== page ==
If you are doing your own 2 year/20,000 mile service on your DB9, one of the required service items is to change your cabin pollen filters. Like anything on a DB9 this isn’t particularly simple, but can be done by just about anyone. The process will take about 5 minutes once you see how.
You will need a pair of replacement filter elements. You can either purchase new filters from Aston Martin, or consider upgrading to aftermarket ATP Activated Carbon Air Filters that will add the benefit of odor removal as well as being better at pollen and dust removal. I have another blog post on just this topic, and it have all the details on both the factory and aftermarket parts, so check it out.
Just your hands and a small inspection light to better see under the dash.
To be able to access the filter compartment, you will need to first remove the Glove Box. Check out my other post and video on how to do this.
Once the Glove Box is removed:
- Look up into the cavity behind where the Glove Box used to be.
You should see the white blower motor assembly. On the front of it (facing you) towards the top you will see a white plastic rectangular service access panel.
- The access panel is held in place by prongs on both left and right sides of it [is “prongs” even a real word?], and we need to reach up and spread the prongs to release the panel.
I’d suggest starting on the left side (that is most accessible) and figure out how to spread and release the prongs when you can actually see it. I strongly suggest you check out my video below to see how it’s done.
- Next do the same procedure to release the clip on the opposite side (you can’t see this one while you do it). The access panel will simply come loose and lift it away.
- Now you can clearly see the ends of the two existing filters. Just reach in and pull them out one at a time (the two sit side by side in the slot). They might be pretty dirty so I’d suggest keeping them faced up so the pine needles or debris doesn’t drop out on your face or carpeting.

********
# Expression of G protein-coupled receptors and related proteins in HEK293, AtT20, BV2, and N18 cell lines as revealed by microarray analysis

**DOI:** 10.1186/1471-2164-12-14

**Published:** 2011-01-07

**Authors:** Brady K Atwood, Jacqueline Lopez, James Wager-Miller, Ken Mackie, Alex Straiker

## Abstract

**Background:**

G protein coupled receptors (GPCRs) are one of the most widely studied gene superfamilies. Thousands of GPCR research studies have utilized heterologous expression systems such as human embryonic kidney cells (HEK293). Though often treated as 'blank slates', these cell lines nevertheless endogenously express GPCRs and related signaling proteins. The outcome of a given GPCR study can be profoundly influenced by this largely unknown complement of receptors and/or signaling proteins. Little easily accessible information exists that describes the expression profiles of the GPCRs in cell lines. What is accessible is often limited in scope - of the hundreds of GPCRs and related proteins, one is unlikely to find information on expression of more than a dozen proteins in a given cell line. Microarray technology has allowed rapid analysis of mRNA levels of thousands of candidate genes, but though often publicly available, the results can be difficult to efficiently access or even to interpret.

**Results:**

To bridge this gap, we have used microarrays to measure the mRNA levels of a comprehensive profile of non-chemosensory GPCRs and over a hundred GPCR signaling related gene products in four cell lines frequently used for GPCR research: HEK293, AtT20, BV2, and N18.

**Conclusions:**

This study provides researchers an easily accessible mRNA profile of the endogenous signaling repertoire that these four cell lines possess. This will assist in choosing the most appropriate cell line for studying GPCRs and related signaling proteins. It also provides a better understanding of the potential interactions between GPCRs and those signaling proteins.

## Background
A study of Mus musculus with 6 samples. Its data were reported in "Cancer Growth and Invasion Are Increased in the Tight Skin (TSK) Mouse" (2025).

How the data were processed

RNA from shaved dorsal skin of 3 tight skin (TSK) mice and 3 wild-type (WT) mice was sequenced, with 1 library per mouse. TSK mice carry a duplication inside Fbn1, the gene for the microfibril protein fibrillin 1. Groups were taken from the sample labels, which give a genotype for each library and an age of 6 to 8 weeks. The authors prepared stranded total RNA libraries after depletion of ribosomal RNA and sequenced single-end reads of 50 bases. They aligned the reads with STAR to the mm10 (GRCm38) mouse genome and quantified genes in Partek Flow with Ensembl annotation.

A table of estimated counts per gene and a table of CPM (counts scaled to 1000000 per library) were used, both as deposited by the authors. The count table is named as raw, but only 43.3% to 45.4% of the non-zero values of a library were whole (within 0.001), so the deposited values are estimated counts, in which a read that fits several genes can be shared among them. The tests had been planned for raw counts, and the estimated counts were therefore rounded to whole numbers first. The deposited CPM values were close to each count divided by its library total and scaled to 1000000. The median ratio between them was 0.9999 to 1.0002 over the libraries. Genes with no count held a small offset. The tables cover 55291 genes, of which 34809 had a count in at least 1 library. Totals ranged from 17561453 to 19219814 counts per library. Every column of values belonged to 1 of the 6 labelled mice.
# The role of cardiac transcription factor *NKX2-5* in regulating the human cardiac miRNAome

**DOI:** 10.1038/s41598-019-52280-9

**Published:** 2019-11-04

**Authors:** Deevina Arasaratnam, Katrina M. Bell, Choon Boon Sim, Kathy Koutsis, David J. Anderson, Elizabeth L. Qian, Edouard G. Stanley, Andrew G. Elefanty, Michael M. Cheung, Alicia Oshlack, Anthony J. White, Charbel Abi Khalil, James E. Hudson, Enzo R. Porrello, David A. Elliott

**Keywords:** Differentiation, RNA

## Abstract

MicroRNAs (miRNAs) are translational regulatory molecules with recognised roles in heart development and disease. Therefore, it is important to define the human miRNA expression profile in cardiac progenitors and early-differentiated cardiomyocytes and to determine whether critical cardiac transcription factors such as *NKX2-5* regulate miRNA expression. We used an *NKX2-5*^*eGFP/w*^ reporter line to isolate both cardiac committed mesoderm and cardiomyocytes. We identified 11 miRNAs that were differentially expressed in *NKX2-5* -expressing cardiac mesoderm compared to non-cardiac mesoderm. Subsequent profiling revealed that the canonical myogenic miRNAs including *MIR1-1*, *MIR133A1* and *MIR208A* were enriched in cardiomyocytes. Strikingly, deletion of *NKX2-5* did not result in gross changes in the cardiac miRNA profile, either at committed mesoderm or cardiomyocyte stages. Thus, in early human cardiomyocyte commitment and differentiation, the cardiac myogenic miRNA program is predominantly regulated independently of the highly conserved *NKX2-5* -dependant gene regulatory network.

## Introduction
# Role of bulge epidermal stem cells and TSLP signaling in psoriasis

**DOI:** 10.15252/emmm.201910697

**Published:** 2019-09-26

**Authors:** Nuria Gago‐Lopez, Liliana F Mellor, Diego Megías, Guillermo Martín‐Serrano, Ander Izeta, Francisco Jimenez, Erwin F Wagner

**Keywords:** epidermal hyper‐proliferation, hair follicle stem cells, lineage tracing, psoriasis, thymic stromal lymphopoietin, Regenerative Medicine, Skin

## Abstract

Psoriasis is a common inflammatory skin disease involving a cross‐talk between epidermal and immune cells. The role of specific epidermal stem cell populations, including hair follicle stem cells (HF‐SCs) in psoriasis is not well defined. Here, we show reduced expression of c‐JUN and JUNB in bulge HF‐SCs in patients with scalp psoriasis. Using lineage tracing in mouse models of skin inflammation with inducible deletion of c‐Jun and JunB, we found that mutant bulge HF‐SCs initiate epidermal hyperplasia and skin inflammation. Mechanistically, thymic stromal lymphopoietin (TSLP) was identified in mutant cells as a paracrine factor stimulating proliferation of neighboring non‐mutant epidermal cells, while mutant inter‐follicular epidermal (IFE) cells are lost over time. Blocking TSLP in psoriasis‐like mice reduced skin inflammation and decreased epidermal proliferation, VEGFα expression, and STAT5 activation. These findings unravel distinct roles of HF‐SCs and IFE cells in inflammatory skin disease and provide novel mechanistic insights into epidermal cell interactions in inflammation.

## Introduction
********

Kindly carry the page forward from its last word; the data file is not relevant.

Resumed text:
- Set the old filters aside, and unwrap your new filters.
- Insert your new filters one at a time.
The foam on the filter should be face up as you insert it (same orientation as the ones you removed). Don’t worry too much, they won’t fit if you have them upside down. I’d suggest putting the outboard one in first, then slide the inboard one in next snuggly. Make sure they sit all the way into the slot so they are flush on the front.
- With the new filters firmly in place it’s time to replace the access panel. Note the embossed ‘Up’ on the front of the access panel to help orient it. This is much easier than the removal, just be careful to get the prongs back over the mounting posts and firmly press it into place until the prongs fully engage and hold the panel tightly in place. Give it a firm wiggle to be sure its snug (you don’t want it rattling about with only one side engaged).
That’s it, your filters are changed. Now you’ll need to reinstall the Glove Box and surround properly, and I cover that in this other post.
Check out this short video of the process above, it will make more sense.
5 thoughts on “Changing the Cabin Air Filters on an Aston Martin DB9”
Great info – thanks. Everyone says to leave the box hanging by the damper cord….mine pulled the loop through the clamp that forms the loop though and effectively broke it 😦
Sorry to hear about that. So the tension on the cable essentially broke the loop at the end of the cable? We you able to re-tie the loop somehow?
I had a go using a crimp from an electrical connector, squeezed hard to try to re-form the loop but it immediately failed. To be honest the glovebox is useless (it has a blower motor in it!!!) and so never gets used…but I will fix it one day!
I performed this replacement yesterday – ’09 DB9 Volante – 35K. Everything was straight forward except that that two bolts/screws for the ends of the glove box hinge were T20 Torx. I never was a contorionist, and at mid-80’s, I’m even less than I once was. So, some frustration trying to get my Phillips screwdriver to engage with those two machine screws (center fastener which i removed first was Phillips head).. Used correct tool, and everything worked out well. I threw those two Torx bolts away and installed Phillips head screws in all three locations.
Previous filters were very dirty. Had been in for 17K miles and 3.5 years. Next time, I’ll be able to do this all by feel, without ever having to get my head under the dash!
THANK YOU Steve for another great assist in maintaining our car – named Princess!!
Hi Gary. Sound like someone substituted Torx screws on their own at somepoint. Yes, its a contortionist move for sure. But, hopefully worth it if the old filters were past it. I’ve been just doing them every 2 years with the major service since they aren’t too expensive. Another princess – Awesome!